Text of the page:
Zack Beauchamp is a senior correspondent at Vox, where he covers ideology and challenges to democracy, both at home and abroad. Before coming to Vox in 2014, he edited TP Ideas, a section of Think Progress devoted to the ideas shaping our political world.

There's a frightening map going around the internet, and particularly conservative corners of the web: it suggests that ISIS has almost doubled its territory in Syria since American airstrikes in the country began in September. Scary!

(Coalition for a Democratic Syria)

Critics of the Obama administration have used on this map to mock President Obama, who claimed in the State of the Union that American airpower was "stopping [ISIS]'s advance," and to deride his strategy as a horrible failure.

There are quite a lot of valid criticisms of Obama's ISIS policy. But this map isn't one of them. ISIS's expansion really has been stopped, and that map gives a deeply misleading portrayal of how the situation in Syria is actually going down.

The first thing to note is that much of that territory marked as conquered by ISIS wasn't actually conquered. The area southwest of ISIS's stronghold Raqqa, for example, is largely unoccupied Homs desert.

"It is largely rural and not an area that ISIS has had to fight for," The Daily Beast's Tim Mak explains in a judicious write-up of related maps. "The group took control of uncontested parts of the countryside while skirting key regime strongholds in the area."

Meanwhile, recent ISIS offensives have ended very poorly. "All of their major offensives since the airstrikes began (Kobane, Dayr al-Zawr Air Base, Sha'ir Gas Field) have either been stalemates or ended in outright defeat once they squared off against Assad's troops," Daveed Gartenstein-Ross, a senior fellow at the Foundation for the Defense of Democracies, told me.

"[ISIS]'s only major territorial gains since airstrikes began in September have been in the Ayn al-Arab district of Aleppo, with some incremental gains on the fringes of Suwayda," he continued. Ayn al-Arab refers to a district in the far north of the country, and Suwayda is both a province and a city in the far southwest (Gartenstein-Ross is referring to the province).

Independent research backs Gartenstein-Ross's account up. Here's a map from just before the airstrikes started from the Institute for the Study of War (ISW), a right-leaning think tank that does stellar work tracking the ISIS campaign. Pay special attention to the red splotch in the northwest of Syria (Ayn al-Arab):

isw isis sanctuary map September 10

(Institute for the Study of War)

Now here's ISW's map from January 15, 2015:

(Institute for the Study of War)

That doesn't look like a vast territorial expansion of the sort conveyed in the map up top, does it?

You see the same thing in maps from Thomas van Linge, another close observer of the Syrian war. Here's van Linge's map in August (ISIS area is in grey and black):

thomas van linge syria map august

(Thomas van Linge)

And here's his most recent map, from January 15:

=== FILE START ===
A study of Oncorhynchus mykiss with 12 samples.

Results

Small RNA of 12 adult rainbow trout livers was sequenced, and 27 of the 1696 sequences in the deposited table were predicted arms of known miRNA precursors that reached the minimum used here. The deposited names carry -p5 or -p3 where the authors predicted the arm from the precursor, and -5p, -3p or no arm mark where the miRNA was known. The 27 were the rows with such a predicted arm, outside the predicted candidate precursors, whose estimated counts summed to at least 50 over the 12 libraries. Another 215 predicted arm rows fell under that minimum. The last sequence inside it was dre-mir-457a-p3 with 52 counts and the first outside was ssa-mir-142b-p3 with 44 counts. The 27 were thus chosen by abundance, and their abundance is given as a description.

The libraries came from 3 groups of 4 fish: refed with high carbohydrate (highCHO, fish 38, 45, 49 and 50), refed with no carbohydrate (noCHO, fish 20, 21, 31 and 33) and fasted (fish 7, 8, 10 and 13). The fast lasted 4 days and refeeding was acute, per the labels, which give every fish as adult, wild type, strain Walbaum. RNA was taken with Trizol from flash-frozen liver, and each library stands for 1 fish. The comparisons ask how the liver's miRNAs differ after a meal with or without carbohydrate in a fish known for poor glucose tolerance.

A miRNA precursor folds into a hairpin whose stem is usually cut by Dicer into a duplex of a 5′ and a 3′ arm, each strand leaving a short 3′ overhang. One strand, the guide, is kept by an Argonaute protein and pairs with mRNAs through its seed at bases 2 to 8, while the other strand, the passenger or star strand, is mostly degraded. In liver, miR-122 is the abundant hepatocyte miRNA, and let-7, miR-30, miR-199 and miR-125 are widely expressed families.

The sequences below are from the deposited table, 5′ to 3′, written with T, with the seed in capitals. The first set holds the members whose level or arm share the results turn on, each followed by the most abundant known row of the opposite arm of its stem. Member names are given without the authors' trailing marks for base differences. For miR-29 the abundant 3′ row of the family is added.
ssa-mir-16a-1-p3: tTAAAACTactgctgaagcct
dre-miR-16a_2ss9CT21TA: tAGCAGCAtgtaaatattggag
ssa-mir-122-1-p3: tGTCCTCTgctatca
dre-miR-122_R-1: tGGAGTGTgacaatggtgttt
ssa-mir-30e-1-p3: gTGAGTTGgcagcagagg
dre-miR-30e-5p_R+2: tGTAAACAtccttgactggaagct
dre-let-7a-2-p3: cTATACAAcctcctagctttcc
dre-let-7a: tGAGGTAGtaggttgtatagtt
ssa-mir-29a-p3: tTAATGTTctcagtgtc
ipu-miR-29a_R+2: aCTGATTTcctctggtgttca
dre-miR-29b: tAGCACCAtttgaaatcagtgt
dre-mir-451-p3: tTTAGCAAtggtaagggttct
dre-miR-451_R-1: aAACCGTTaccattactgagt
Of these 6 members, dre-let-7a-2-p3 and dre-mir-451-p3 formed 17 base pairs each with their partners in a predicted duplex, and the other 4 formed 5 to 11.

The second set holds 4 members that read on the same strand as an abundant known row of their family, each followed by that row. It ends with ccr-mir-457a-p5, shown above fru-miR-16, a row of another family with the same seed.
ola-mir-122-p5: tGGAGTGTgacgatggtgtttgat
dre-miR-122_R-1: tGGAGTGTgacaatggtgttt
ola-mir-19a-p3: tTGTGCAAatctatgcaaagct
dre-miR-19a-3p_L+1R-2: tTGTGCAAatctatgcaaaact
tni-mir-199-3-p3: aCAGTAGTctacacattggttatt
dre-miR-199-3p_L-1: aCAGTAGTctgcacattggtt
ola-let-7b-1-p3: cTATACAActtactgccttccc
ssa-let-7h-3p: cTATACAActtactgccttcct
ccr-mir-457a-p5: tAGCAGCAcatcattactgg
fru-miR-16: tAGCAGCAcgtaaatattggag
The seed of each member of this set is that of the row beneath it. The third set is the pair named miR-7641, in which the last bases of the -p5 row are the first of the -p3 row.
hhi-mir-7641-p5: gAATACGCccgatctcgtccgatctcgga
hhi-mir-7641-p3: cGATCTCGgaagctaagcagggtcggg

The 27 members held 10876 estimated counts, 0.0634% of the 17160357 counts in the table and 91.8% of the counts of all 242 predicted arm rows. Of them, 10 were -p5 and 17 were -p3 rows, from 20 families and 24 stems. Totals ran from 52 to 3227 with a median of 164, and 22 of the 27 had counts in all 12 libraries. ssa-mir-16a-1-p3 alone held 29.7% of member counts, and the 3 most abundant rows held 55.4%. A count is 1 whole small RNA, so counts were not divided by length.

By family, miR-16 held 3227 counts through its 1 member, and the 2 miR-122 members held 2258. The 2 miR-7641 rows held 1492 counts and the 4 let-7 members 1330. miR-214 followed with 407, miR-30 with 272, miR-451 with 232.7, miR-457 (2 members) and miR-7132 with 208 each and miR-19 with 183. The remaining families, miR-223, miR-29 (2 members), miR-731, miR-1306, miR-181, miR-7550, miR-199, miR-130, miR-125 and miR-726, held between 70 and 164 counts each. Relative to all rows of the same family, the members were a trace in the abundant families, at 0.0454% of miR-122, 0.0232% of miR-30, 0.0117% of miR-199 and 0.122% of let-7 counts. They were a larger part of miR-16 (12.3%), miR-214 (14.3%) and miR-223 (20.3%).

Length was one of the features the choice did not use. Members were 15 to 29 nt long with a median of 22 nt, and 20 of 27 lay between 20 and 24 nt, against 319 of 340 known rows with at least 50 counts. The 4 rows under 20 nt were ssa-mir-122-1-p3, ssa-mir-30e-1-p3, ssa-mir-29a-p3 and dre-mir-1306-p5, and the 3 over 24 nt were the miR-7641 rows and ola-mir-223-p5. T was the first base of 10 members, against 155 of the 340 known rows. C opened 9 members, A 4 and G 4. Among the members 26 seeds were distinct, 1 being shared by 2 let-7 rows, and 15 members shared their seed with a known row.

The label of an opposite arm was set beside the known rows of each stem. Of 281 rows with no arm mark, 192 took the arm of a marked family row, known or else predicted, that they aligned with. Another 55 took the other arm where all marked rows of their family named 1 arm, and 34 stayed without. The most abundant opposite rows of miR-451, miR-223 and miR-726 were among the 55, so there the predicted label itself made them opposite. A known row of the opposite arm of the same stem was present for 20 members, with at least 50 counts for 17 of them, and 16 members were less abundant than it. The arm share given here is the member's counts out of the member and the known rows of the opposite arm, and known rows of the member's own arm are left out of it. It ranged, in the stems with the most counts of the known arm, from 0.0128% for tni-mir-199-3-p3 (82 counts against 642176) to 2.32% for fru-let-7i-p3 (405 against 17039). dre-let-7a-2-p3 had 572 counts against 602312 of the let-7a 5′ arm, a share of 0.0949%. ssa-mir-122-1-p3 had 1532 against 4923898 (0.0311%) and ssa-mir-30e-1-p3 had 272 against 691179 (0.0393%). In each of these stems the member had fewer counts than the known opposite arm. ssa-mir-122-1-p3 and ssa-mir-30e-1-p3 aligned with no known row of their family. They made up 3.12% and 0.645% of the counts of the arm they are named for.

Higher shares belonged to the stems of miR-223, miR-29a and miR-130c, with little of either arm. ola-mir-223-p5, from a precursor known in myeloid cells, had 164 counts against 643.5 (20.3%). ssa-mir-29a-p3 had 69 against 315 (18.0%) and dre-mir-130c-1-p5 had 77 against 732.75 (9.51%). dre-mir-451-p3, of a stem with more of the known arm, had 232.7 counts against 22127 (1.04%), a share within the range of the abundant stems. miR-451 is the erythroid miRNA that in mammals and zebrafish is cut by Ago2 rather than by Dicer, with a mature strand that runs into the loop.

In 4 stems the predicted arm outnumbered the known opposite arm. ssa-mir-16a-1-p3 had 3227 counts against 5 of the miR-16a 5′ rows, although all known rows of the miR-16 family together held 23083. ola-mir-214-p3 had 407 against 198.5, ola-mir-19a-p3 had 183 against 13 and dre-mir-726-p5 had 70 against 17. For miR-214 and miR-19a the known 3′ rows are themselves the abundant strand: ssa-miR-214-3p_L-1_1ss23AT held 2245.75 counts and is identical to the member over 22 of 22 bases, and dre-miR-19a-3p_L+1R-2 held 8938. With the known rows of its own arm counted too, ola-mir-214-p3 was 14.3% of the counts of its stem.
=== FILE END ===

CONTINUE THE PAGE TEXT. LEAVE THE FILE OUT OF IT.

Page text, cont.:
thomas van linge january 15 syria

(Thomas van Linge)

Once again, you see gains in Ayn al-Arab in the north (that's the shrinking yellow blob). You also see some gains in the southwest countryside near Suwayda. You also see another direct contradiction of the map at the top of this post.

That's because those supposedly massive gains didn't actually happen. Gartenstein-Ross explained, "If you compare [the current lack of progress] with ISIL's pre-airstrike offensive, where the group successfully captured the majority of Dayr al-Zawr, consolidated control of Raqqa through their capture of Tabqa Air Base, and then moved into Ayn al-Arab, the fuzzy math that's at play becomes clear. The claim that [ISIS] now rules one-third of Syria needs to be balanced by the fact that they've had that since June."

That's not say that the minor ISIS gains since their strikes are totally meaningless. Jennifer Cafarella, a fellow at ISW, told Mak that the new seizures in the west could be used as staging grounds for attacks against actually significant targets.

But, in the grand scheme of things, this doesn't constitute major progress for ISIS, and does not back up the map being passed around by conservative critics of Obama.

It's also worth noting the source of that map. It's from the Coalition for a Democratic Syria, a Syrian opposition group that supports an expanded US air campaign and thus has a clear incentive to exaggerate ISIS's rise.

The truth is that ISIS really is being slowed down in Syria. It's actually being rolled back in some parts of Iraq. While this doesn't mean ISIS is anywhere near the verge of defeat, it does mean the group's rapid expansion has ended. And US airstrikes really do deserve some of the credit.

Correction: An earlier version of the post suggested that Gartenstein-Ross was referring to Suwayda city when he said ISIS had made "incremental gains on the fringes of Suwayda." He later wrote in to clarify that he was referring to Suwayda province. The post has been updated to reflect that.